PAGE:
Parliament today passed a bill that seeks to prevent big economic offenders like Vijay Mallya and Nirav Modi from fleeing the country to evade the legal process.
Highlights of the Bill
The Bill allows for a person to be declared as a fugitive economic offender (FEO) if: (i) an arrest warrant has been issued against him for any specified offences where the value involved is over Rs 100 crore, and (ii) he has left the country and refuses to return to face prosecution.
To declare a person an FEO, an application will be filed in a Special Court (designated under the Prevention of Money-Laundering Act, 2002) containing details of the properties to be confiscated, and any information about the person’s whereabouts. The Special Court will require the person to appear at a specified place at least six weeks from the issue of notice. Proceedings will be terminated if the person appears.
The Bill allows authorities to provisionally attach properties of an accused, while the application is pending before the Special Court.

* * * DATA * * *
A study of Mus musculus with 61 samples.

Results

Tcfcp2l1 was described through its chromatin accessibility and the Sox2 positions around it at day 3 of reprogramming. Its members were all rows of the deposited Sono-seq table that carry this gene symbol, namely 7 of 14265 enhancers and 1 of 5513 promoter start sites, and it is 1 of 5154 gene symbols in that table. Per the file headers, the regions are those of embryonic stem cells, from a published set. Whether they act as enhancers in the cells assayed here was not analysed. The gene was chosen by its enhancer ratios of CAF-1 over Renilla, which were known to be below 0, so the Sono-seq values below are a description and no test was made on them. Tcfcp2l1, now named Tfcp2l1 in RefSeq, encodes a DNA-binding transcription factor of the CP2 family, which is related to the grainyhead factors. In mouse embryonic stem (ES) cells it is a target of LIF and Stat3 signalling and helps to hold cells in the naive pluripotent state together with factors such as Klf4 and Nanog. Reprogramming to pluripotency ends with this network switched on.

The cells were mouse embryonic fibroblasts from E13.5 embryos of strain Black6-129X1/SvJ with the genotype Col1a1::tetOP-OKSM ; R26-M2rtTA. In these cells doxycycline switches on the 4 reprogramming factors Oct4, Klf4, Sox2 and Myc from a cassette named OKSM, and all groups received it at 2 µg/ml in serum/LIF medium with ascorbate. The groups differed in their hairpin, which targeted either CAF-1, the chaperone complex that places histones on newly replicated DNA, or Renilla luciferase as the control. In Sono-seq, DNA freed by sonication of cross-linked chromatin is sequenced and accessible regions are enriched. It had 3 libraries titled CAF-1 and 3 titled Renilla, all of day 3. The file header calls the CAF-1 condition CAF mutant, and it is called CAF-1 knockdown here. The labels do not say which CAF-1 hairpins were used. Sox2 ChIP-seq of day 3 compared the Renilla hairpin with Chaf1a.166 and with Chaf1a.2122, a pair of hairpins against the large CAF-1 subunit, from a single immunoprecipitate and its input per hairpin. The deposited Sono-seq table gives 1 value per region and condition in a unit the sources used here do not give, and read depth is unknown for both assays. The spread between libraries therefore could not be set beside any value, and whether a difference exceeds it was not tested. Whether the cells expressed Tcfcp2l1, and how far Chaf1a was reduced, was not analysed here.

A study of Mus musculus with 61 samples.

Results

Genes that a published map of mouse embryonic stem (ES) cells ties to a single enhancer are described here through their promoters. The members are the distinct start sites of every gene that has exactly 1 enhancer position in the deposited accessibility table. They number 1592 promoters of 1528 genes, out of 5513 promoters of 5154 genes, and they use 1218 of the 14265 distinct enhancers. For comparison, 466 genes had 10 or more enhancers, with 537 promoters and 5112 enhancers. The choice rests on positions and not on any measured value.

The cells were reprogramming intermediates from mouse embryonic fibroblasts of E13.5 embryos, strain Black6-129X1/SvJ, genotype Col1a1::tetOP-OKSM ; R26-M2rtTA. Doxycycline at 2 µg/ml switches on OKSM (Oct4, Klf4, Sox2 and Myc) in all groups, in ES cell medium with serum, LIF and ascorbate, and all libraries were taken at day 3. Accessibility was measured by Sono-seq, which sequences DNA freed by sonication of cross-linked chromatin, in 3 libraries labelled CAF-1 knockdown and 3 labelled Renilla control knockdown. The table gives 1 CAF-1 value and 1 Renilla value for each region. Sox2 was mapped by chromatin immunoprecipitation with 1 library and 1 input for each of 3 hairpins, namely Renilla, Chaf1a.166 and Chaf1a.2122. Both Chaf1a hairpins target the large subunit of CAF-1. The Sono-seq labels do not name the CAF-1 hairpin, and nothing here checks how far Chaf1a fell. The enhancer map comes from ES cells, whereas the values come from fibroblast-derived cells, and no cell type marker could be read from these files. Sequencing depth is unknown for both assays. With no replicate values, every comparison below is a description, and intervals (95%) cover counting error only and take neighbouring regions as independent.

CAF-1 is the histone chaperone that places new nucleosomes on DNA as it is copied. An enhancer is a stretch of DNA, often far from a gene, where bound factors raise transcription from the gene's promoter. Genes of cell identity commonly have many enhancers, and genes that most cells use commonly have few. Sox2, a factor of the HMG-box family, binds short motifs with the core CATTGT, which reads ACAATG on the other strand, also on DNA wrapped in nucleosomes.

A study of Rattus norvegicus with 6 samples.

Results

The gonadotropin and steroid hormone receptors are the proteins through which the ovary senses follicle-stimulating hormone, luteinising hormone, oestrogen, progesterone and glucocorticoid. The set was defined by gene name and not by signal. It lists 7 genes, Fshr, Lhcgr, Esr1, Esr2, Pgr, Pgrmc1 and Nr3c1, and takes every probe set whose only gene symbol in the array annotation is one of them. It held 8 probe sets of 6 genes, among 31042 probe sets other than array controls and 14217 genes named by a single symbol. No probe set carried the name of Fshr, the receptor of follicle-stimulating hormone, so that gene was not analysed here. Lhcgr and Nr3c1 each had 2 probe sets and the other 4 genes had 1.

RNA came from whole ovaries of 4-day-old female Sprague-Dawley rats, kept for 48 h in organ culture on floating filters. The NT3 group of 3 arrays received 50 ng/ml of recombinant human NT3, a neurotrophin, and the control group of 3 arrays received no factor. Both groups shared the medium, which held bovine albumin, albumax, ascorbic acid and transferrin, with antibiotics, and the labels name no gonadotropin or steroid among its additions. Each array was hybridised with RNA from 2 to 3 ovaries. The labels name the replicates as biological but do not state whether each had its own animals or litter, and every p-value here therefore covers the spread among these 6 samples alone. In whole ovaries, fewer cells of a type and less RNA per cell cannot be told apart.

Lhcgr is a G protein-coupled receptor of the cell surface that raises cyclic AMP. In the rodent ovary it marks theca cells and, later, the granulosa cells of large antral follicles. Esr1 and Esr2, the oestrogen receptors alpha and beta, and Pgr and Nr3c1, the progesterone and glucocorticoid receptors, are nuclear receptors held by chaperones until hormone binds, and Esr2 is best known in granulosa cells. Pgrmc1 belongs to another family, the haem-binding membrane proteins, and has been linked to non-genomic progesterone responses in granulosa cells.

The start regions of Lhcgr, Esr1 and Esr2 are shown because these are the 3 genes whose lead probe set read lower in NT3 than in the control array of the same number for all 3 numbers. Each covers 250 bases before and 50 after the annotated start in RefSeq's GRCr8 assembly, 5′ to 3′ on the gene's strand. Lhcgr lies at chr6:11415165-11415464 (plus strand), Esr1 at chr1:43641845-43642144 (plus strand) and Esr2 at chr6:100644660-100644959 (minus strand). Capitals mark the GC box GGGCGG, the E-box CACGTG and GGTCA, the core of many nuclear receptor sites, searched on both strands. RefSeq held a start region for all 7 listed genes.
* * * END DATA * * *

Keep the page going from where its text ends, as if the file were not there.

Upon declaration as an FEO, properties of a person may be confiscated and vested in the central government, free of encumbrances (rights and claims in the property). Further, the FEO or any company associated with him may be barred from filing or defending civil claims.
Key Issues and Analysis
Under the Bill, any court or tribunal may bar an FEO or an associated company from filing or defending civil claims before it. Barring these persons from filing or defending civil claims may violate Article 21 of the Constitution i.e. the right to life. Article 21 has been interpreted to include the right to access justice.
Under the Bill, an FEO’s property may be confiscated and vested in the central government. The Bill allows the Special Court to exempt properties where certain persons may have an interest in such property (e.g., secured creditors). However, it does not specify whether the central government will share sale proceeds with any other claimants who do not have such an interest (e.g., unsecured creditors).
The Bill does not require the authorities to obtain a search warrant or ensure the presence of witnesses before a search. This differs from other laws, such as the Code of Criminal Procedure (CrPC), 1973, which contain such safeguards. These safeguards protect against harassment and planting of evidence.
The Bill provides for confiscation of property upon a person being declared an FEO. This differs from other laws, such as CrPC, 1973, where confiscation is final two years after proclamation as an absconder.